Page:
Terry Jones, RIP

Terry Jones, the least-known and most commonly overlooked member of the great Monty Python comedy troupe, has died. For the past several years, he has been out of the public eye, due to an aggressive form of dementia, which was already affecting him during the group’s final reunion performances in 2014, and soon left him largely unable to speak. (He appeared at the 2016 BAFTA show to receive an Outstanding Achievement award, but his son delivered the brief thank you speech, in a horribly sad moment.)

Being a bit of a softy for unsung heroes, and people whose very significant contributions have been somewhat overshadowed by more popular faces, I feel obliged to point out here that not only was Jones the regular writing partner of the more famous and beloved Michael Palin, and therefore partly responsible, behind the scenes, for many of the Python group’s most popular sketches and characters, but in fact he was also the principle director of the group’s three original feature films, most importantly its two final and most “serious” films, Life of Brian (1979) and The Meaning of Life (1983).

Even his directing, however, though impressive — particularly given relatively low budgets and the difficult task of creating plausible narrative unity out of somewhat disparate sketch-style scenes composed by three distinct writing factions (Palin/Jones, John Cleese/Graham Chapman, and Eric Idle) — tends to be overlooked or undervalued, even among Python fans. This unjust oversight is partly due to the group’s other Terry, American Terry Gilliam, later becoming an acclaimed film director in his own right, thus leading many casual viewers to presume that it was he, not Jones, directing the Python movies.

In fact, there is little doubt that without Jones’ work behind the camera, Life of Brian would never have achieved its enormous popular success (or beneficial controversy), with its remarkably coherent, though nutty, story of a man born in a manger down the street from Jesus, who, by a series of accidents, comes to be mistaken for the Messiah, and to develop a devout following in his own right, in an age (not unlike ours, of course) in which men were excessively susceptible to fanatical hopes of messiahs. This, at last, many years into the group’s celebrity, and long after the original TV series had run its course, was a new, mature Monty Python with a certain trenchant seriousness of intent, though without any of the pretentiousness or monotonous preachiness of a “message movie.”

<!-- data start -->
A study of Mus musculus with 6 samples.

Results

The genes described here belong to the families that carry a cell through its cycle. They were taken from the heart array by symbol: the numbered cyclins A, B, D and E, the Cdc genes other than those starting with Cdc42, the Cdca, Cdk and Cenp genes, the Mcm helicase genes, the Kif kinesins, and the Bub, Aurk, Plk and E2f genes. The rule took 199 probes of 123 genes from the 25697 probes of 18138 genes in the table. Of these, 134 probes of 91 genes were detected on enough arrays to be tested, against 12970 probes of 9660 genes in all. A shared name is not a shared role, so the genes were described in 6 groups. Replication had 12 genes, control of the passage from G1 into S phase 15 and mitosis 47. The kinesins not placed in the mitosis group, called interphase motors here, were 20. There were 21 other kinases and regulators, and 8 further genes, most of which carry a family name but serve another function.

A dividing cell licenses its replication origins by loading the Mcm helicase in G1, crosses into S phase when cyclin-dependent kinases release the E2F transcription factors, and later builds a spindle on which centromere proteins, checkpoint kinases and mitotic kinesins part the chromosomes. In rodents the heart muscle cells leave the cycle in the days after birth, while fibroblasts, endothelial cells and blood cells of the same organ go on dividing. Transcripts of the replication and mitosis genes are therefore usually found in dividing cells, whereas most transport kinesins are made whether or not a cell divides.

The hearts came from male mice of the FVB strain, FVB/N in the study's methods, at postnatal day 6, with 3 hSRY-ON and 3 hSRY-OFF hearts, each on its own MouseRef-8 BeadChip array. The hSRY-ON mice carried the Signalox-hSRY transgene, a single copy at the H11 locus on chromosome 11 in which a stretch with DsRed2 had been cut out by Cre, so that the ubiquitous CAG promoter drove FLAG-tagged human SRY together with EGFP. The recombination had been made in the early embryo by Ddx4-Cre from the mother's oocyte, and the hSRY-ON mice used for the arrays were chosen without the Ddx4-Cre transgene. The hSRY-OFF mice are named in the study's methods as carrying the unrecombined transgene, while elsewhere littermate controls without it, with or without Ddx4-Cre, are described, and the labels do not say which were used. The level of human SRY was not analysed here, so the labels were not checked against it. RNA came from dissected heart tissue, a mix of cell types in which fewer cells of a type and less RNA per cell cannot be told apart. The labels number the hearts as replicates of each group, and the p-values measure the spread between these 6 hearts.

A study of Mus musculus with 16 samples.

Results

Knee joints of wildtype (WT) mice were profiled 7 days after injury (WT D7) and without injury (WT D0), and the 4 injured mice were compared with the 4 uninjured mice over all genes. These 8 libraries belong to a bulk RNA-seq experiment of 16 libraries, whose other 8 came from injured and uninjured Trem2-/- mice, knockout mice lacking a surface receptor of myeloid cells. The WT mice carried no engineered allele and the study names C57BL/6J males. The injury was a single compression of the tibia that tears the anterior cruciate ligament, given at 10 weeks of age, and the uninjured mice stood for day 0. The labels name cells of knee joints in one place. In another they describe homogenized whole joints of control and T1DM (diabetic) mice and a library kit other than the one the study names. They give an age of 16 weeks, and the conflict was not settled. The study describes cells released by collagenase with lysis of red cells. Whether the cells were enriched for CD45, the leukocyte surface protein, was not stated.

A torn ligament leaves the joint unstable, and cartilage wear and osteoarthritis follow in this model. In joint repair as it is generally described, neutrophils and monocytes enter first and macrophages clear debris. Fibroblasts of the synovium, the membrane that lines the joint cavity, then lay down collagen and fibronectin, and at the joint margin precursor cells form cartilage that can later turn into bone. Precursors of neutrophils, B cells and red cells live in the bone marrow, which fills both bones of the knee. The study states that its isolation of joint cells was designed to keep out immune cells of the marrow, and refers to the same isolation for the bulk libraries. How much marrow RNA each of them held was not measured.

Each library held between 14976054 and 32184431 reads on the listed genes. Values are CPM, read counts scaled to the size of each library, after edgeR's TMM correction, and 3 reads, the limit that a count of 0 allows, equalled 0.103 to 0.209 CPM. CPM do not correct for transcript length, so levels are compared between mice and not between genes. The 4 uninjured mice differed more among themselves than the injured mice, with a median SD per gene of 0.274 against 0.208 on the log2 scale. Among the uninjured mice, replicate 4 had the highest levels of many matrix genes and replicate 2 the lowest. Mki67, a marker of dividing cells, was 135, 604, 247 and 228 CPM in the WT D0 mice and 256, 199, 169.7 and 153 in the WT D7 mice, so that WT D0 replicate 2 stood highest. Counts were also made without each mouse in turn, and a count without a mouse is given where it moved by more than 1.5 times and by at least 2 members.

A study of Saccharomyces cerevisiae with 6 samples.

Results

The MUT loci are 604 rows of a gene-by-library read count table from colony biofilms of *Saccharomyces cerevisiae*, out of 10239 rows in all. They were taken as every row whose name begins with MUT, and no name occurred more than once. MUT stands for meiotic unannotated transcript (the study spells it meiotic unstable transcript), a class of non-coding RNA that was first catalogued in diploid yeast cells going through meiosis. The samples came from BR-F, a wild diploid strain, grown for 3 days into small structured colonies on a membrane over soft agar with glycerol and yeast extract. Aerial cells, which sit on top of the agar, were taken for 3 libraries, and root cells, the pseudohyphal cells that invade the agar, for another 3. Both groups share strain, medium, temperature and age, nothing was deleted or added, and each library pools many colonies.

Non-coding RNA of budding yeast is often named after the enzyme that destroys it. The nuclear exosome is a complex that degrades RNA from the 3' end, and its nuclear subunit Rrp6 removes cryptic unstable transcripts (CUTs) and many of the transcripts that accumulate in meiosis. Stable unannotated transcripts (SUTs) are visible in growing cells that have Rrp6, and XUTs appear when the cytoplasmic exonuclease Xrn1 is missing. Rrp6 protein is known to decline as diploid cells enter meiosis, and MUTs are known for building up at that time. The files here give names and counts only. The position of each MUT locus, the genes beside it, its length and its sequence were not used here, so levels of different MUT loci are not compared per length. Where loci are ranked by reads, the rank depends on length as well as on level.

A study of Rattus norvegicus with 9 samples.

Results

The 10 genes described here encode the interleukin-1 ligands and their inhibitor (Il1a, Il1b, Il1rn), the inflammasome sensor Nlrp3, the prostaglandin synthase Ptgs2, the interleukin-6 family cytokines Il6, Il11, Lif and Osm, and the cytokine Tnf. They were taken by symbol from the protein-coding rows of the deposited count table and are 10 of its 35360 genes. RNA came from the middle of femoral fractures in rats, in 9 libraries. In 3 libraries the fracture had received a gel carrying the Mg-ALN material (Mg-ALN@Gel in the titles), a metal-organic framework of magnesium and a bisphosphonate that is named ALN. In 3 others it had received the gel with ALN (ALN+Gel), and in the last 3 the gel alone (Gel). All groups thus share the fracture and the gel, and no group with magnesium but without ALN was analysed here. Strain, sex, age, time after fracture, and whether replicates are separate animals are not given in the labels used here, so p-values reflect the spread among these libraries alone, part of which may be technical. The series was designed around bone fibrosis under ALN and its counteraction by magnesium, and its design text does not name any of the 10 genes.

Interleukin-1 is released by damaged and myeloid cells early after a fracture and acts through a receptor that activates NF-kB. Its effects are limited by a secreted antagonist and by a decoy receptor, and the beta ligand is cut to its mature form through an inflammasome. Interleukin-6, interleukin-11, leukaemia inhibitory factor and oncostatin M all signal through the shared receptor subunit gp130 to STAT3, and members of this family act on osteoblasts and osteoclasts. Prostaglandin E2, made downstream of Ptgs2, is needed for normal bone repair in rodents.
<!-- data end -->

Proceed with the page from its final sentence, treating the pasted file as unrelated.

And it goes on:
And then, in The Meaning of Life, in my opinion Jones’ great achievement, a collection of comic ideas only vaguely united by theme are transformed by sheer directorial vision into a kind of fantasia on the cycle of life, from birth to death, in a film that is less overtly hilarious than Python’s earlier work, but that more than compensates for the loss of the pure silliness of the group’s glory days with a certain degree of genuine Swiftian nastiness about the follies and self-important stupidity of Man. If ever there was a truly successful film that might have ended up an incoherent mess in the hands of any other director, it is this one. 

In honor of Terry Jones, then, here is a representative scene from his best film. In addition to showing his maturity as a film craftsman — note how the visually and aurally believable battle scene atmosphere never wanes for a moment, in spite of the foreground absurdity of the dialogue and situation — it is also a rare scene that features Jones himself in the central role. Notice further, however, that even in this scene, Jones’ performance, though funny in its own right, is calibrated to hand the biggest laughs to the other players. 

I will probably have more to say about this topic a little later, as my memory will undoubtedly be replaying Monty Python scenes in spite of myself all day long.

For the time being, however, I will simply say “Rest in peace, Terry Jones, and thank you for so much purposeful silliness.”